Mitch Teich

Lake Effect Executive Producer / Co-host

Mitch joined WUWM in February 2006 as the Executive Producer of the locally produced weekday magazine program Lake Effect.

He brings over 20 years of broadcasting experience from radio stations across the country - in Iowa, Minnesota, New York, and Arizona. Prior to joining WUWM, Mitch served as News Director of KNAU - Arizona Public Radio, Executive Producer of the station's monthly news magazine program, and anchored and produced news programming.

He has won many awards including several regional awards from the Radio Television News Directors Association and national awards from PRNDI - Public Radio News Directors Inc.

He holds a bachelors degree in Political Science from Cornell College, Mount Vernon, Iowa. He lives in Wauwatosa with his wife Gretchen, daughter Sylvi and son Charlie. Mitch fills his copious spare time watching baseball, writing and looking for his reading glasses.

» Twitter: @mcteich

» Contact Lake Effect

Mike Schubert / Flickr

Today in Spain, many of the world’s top road cyclists hit the pavement again as the Vuelta a España – the Tour of Spain – continues.  It’s one of three Grand Tour events, along with the Giro d’Italia, and the Tour de France.

Saturday morning in Wisconsin, some dedicated cyclists will hit the road in Dubuque, Iowa. They’ll cross the Mississippi River, and then ride across Wisconsin to Kenosha in a single day.

Unlike the Grand Tour, this is not a race.

Penguin Random House

If you don’t know anything about Alexandra Petri’s column for the Washington Post, the fact that it’s called “Compost” should tip you off.  It’s a humor column, at least most of the time, appearing multiple times a week online and weekly in print.

Petri grew up partly in Fond du Lac and partly in Washington, D.C., while her dad, Tom Petri, represented his Wisconsin district in Congress.

epSos .de / Flickr

The financial markets in this country rebounded somewhat yesterday before falling once again. The now four-day trend was brought on, in part by turmoil in the Chinese economy.

"They are in a position to manipulate their currency," Lake Effect's foreign policy contributor Art Cyr says. "They've tried to do that to gain advantage, but as the current market crash shows, that doesn't really gain you an advantage over the long term."

New Rivers Press

Karen Lee Boren left her hometown of Milwaukee years ago, but it’s never been far from her mind, her heart or her writing.

Boren's new collection of twelve short stories, called Mother Tongue, features a remarkable array of characters. The stories were written over a span of twenty years, with characters and themes inspired by her own life experiences.

plantoo47 / Flickr

There are many people looking for solutions to complicated social problems. And while people may have ideas, they don't always have the business acumen needed to get started.

"There's a lot of people that have great ideas and want to get them off of the ground, but there is a little bit of a gap in the initial support at the early stage. And that's where we want to focus so that we can help accelerate and scale these organizations to provide broader impact to the community," Marquette social innovation coordinator Kelsey Otero says.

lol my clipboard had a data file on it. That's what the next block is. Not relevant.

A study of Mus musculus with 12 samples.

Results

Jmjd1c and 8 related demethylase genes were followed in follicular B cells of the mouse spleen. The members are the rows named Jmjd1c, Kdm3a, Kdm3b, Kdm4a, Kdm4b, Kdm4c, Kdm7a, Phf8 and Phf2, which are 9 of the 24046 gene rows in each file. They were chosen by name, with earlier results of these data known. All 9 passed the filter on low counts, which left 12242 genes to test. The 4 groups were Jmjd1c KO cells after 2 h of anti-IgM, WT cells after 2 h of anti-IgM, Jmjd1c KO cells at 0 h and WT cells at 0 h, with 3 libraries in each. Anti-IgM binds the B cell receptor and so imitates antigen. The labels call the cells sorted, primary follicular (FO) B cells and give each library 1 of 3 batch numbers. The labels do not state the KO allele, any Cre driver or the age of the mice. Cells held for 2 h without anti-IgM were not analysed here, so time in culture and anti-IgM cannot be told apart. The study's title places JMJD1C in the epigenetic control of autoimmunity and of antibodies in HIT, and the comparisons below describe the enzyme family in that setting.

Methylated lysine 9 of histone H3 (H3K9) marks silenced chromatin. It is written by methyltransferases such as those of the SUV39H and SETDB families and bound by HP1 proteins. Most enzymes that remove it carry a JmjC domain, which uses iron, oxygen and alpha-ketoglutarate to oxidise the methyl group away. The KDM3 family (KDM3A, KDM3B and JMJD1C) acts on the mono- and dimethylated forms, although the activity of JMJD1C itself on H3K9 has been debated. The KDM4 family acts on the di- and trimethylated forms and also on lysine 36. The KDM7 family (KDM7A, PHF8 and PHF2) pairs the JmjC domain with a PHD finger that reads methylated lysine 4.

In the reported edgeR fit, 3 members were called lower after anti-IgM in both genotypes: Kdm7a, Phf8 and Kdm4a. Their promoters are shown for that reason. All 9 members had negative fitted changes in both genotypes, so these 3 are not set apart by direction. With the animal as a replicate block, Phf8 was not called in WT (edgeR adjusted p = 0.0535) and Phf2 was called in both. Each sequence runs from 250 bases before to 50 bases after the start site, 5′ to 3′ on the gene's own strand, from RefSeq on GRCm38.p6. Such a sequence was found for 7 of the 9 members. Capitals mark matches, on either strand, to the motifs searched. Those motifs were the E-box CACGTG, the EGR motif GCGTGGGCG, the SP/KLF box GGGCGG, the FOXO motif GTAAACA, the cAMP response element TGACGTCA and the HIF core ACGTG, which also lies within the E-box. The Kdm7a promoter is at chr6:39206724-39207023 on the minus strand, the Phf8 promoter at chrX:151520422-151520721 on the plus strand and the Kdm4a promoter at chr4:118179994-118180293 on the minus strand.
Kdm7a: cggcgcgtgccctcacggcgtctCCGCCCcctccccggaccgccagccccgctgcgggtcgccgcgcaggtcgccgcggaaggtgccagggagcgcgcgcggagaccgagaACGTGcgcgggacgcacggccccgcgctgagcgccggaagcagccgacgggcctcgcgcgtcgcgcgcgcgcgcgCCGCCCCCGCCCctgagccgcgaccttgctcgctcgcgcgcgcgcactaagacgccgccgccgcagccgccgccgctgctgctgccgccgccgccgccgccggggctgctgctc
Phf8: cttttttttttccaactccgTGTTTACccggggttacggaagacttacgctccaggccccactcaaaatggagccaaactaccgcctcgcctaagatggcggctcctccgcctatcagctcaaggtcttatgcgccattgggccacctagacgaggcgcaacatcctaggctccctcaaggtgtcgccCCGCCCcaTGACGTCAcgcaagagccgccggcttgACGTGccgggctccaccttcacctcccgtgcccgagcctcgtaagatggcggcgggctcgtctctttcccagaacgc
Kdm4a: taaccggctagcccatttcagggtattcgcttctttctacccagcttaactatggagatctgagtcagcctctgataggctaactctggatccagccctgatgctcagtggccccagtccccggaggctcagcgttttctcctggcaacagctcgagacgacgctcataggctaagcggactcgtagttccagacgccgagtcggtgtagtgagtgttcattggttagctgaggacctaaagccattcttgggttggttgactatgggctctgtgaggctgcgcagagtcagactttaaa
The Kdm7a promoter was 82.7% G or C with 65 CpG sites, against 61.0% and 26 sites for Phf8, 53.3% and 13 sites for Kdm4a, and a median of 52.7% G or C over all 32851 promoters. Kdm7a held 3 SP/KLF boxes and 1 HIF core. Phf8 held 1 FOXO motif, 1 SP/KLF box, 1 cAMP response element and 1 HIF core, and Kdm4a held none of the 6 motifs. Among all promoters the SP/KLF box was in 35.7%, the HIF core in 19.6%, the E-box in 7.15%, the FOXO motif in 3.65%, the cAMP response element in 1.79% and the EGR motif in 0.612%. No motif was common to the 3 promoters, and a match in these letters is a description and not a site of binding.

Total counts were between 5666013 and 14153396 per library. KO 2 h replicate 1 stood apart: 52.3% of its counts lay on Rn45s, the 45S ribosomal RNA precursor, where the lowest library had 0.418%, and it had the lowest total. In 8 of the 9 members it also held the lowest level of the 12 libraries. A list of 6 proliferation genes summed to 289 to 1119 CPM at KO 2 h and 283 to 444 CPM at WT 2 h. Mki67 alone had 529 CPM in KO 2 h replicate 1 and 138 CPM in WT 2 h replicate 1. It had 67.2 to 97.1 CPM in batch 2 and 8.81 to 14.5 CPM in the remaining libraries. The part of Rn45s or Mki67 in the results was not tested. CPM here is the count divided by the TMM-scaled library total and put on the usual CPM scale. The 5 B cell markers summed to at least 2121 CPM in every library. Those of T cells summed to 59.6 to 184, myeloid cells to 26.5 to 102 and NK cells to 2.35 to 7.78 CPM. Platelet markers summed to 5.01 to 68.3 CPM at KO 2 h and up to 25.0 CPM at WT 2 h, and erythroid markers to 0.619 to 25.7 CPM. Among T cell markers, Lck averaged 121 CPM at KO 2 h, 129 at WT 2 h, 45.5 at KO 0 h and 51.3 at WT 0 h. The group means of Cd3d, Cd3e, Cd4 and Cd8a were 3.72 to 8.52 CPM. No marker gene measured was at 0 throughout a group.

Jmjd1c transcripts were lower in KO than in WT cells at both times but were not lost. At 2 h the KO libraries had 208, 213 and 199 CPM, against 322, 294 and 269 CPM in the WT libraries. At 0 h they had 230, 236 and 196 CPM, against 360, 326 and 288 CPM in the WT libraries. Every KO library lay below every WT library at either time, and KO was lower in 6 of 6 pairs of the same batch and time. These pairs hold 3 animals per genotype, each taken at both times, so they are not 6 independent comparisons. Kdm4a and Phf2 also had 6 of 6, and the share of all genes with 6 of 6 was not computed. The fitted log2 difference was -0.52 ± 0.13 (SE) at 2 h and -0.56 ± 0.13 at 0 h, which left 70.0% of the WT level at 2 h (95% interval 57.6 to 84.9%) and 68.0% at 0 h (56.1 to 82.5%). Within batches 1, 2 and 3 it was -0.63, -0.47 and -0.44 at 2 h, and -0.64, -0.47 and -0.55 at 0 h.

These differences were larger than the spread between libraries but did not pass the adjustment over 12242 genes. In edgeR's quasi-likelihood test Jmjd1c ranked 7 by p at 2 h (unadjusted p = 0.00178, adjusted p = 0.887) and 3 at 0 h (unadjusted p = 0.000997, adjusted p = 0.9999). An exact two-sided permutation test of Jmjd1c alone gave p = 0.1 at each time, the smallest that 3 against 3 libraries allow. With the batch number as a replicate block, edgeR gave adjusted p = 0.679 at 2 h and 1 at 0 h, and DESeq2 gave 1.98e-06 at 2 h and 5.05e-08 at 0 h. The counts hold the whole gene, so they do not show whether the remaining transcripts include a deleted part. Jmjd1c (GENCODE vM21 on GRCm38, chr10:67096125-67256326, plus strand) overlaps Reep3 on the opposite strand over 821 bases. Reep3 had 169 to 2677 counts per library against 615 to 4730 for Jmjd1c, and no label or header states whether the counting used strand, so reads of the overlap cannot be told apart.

The latest Marquette poll results show a majority of Wisconsinites agree with this year’s U.S. Supreme Court ruling in favor of legalizing same-sex marriage throughout the country.

That ruling came on the heels of a separate court decision in 2014 that effectively voided Wisconsin’s prohibition of them, as well.

Schlitz Audubon Nature Center, Facebook

If you've ever been to the Schlitz Audubon Nature Center on the lakeshore north of the city, you know there is a lot of the natural world on display. And if you haven't been there, just trust me.

But quantifying everything that lives at or grows on the nature center's grounds is a daunting task, and one that's being taken on by a cadre of scientists beginning Friday afternoon.

Henryk Sadura, Fotolia

A new analysis of census and other population data shows that the Milwaukee metropolitan area (Milwaukee-Waukesha-West Allis) is among the regions seeing the most dramatic increases in the number of Black and Latino people living in neighborhoods with high concentrations of poverty. 

The report, titled Architecture of Segregation: Civil Unrest, the Concentration of Poverty, and Public Policy, was released by The Century Foundation

Daniela A Nievergelt / Flickr

The water slides in the Wisconsin Dells today are a strange, accidental metaphor for the area's geological history. 

An ice dam that broke towards the end of the last Ice Age sent water from a glacial lake down the Wisconsin River, carving the fanatical sandstone cliffs that distinguish the Dells today.

That's one of many reasons why geologist Marcia Bjornerus sees beyond the Wisconsin Dells' water parks, tacky shirt shops, and salt water taffy. 

Ackerman and Gruber via Milwaukee Magazine

As the Latino population in Milwaukee continues to grow, so does the community’s influence on everything from culture to food to politics.

But as much as the evolution has been felt in urban places like Milwaukee, it is being felt even more strongly in some surprising places. Places like the small town of Curtiss, which is about 40 miles east of Eau Claire.